TAIPEI, Taiwan: The Opposition Leader in St. Vincent and the Grenadines (SVG) says there is “nothing strange” about economic citizenship programmes and that they attract investors to a country.
“The point is, when you establish such programmes, they must be tight and well managed,” Arnhim Eustace said on his New Democratic Party’s (NDP) radio programme on Monday.
“This is a way of attracting people to your country to make investments,” he added, stating that the United States and Canada have economic citizenship schemes.
Prime Minister Dr. Ralph Gonsalves told Parliament on Friday that his Unity Labour Party (ULP) would oppose any economic citizenship programme in SVG.
A number of Eastern Caribbean countries had embarked on the citizenship scheme but the ULP administration, shortly after coming to office in 2001, repealed the relevant laws in SVG.
Gonsalves told Parliament last week that his government is bombarded with offers for resumption of the scheme.
The NDP has promised its financier to recommence the programme if it wins the next general elections, due by March 2011, he said, adding that it will be an issue in the upcoming campaign.
But Eustace on Monday suggested that SVG needed such a programme, noting that it was “doing well” in St. Kitts and Nevis.
“In this [economic] climate that we have in St. Vincent and the Grenadines today, we can’t afford to put on any new taxes on our nationals at this time.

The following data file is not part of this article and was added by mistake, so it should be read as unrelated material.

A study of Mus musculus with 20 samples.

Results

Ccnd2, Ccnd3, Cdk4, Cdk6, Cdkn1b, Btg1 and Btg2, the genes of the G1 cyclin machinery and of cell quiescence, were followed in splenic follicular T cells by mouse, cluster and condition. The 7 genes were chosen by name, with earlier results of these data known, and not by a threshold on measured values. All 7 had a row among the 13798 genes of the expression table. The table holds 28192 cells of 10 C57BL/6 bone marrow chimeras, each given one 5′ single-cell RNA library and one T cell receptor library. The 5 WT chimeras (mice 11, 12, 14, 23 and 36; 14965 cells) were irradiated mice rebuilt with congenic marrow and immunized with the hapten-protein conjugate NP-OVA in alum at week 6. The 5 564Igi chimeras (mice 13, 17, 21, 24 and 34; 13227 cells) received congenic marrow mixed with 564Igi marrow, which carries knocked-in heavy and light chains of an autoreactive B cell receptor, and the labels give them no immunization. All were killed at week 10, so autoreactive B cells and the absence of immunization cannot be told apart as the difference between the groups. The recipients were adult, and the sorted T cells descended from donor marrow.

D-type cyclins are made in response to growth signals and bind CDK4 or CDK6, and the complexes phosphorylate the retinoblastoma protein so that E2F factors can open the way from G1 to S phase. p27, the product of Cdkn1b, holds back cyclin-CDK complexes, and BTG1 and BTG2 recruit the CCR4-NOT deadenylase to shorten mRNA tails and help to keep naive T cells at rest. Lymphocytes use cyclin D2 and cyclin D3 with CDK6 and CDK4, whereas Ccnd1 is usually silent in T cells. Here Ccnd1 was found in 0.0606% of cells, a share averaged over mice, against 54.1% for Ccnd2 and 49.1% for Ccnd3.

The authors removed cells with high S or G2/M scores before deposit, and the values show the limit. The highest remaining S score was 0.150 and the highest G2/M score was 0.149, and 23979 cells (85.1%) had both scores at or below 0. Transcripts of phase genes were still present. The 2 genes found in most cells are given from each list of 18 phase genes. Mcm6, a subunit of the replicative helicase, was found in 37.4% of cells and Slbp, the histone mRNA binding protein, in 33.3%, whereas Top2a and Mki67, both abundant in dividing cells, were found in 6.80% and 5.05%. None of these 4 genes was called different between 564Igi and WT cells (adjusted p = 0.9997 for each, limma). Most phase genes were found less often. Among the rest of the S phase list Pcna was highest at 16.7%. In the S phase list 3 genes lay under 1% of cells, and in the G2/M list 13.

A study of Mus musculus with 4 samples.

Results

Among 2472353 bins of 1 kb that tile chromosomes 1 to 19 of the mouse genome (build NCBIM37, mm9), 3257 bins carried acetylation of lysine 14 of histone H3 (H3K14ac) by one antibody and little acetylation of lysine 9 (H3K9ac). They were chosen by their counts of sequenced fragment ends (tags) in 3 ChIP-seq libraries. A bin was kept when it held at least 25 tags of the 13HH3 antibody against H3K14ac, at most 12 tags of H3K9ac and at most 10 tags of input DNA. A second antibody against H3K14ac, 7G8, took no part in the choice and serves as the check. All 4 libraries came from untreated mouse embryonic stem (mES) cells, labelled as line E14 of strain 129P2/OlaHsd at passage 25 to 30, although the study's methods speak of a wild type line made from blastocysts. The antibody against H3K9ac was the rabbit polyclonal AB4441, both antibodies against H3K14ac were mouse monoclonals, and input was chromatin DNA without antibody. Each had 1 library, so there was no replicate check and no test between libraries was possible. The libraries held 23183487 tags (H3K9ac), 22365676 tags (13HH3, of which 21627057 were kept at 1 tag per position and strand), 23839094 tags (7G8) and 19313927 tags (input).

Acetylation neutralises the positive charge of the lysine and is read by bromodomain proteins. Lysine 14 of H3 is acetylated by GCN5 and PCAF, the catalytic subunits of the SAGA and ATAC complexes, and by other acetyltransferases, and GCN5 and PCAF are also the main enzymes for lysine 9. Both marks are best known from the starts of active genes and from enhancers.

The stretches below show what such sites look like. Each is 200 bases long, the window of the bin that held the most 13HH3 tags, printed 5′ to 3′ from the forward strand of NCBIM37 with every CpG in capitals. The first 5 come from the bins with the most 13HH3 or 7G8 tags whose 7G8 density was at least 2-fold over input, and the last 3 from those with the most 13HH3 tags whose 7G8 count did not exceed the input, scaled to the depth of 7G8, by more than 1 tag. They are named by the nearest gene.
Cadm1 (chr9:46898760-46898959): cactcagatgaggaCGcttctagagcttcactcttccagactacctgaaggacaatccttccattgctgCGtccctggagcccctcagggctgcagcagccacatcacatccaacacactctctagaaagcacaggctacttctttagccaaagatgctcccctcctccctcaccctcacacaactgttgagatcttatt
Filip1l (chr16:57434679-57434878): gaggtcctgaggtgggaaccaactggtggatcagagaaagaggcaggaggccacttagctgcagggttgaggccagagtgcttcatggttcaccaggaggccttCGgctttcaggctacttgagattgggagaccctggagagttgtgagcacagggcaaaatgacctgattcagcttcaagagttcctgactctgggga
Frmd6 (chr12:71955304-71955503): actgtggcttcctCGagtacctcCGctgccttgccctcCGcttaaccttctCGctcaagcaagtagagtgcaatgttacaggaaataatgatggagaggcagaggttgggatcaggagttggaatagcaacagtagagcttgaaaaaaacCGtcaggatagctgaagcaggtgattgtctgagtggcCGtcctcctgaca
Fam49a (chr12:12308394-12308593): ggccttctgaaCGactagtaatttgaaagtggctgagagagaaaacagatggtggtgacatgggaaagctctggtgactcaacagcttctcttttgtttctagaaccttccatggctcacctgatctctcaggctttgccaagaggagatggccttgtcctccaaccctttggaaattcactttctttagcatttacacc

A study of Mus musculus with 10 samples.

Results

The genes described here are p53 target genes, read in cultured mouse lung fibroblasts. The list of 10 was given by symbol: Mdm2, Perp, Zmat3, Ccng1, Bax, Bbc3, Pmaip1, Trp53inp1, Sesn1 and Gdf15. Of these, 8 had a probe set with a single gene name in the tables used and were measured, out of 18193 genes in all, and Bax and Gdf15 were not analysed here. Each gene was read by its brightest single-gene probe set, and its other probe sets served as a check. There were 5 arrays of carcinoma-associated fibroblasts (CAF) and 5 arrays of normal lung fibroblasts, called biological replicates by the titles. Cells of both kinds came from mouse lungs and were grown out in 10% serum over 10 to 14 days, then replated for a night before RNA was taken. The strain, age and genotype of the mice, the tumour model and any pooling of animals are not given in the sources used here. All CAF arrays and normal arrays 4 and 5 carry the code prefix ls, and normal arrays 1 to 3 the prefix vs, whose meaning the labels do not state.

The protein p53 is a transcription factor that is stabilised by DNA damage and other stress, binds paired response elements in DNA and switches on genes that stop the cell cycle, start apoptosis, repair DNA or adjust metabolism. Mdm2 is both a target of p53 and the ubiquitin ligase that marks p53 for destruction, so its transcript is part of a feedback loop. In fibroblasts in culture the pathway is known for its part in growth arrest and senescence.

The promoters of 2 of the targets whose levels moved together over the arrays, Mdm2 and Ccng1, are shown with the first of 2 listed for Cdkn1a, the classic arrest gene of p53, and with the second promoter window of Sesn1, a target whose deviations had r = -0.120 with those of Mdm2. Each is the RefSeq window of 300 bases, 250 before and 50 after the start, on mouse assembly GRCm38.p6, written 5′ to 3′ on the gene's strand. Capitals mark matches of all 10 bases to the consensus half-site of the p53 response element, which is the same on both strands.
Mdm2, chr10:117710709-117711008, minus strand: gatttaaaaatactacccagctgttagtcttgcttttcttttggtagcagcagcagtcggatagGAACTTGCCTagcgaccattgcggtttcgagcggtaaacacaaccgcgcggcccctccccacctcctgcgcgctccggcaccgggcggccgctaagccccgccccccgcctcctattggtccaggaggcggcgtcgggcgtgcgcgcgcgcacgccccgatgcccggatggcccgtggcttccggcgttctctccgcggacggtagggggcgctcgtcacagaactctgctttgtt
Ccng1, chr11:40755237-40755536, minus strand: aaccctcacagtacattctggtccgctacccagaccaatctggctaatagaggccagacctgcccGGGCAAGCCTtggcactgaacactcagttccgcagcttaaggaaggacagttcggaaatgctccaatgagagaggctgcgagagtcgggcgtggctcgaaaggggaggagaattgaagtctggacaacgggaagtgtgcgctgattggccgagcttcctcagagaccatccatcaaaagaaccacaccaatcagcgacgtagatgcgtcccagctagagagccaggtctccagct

“People are under too much pressure right now and we have to look for avenues to raise revenue. But we have to do it in particular way,” Eustace, a trained economist said.
The former prime minister noted that the EC$913.5 million (US$338.3 million) budget for 2010, which parliament passed last week, did not include any taxes and Gonsalves had removed Value-Added Tax (VAT) on wheat and chicken.
Eustace said an NDP administration will remove VAT from all “basic food” items and would pay the fees for students taking Caribbean Examination Council (CXC) and similar examinations. (Follow I Witness-News on Facebook)
Gonsalves had told parliament that a company had written to him requesting a meeting to discuss the facilitated migration of 3,500 persons representing EC$850 million (US$313.8 million).
“Please be advised that my government has absolutely no interest in selling my country’s passport or citizenship. The highest office in our land is that of citizen, and it is not for sale. Similarly, our passport is sacrosanct and is not a tradable commodity,” Gonsalves wrote in a letter denying the request for a meeting.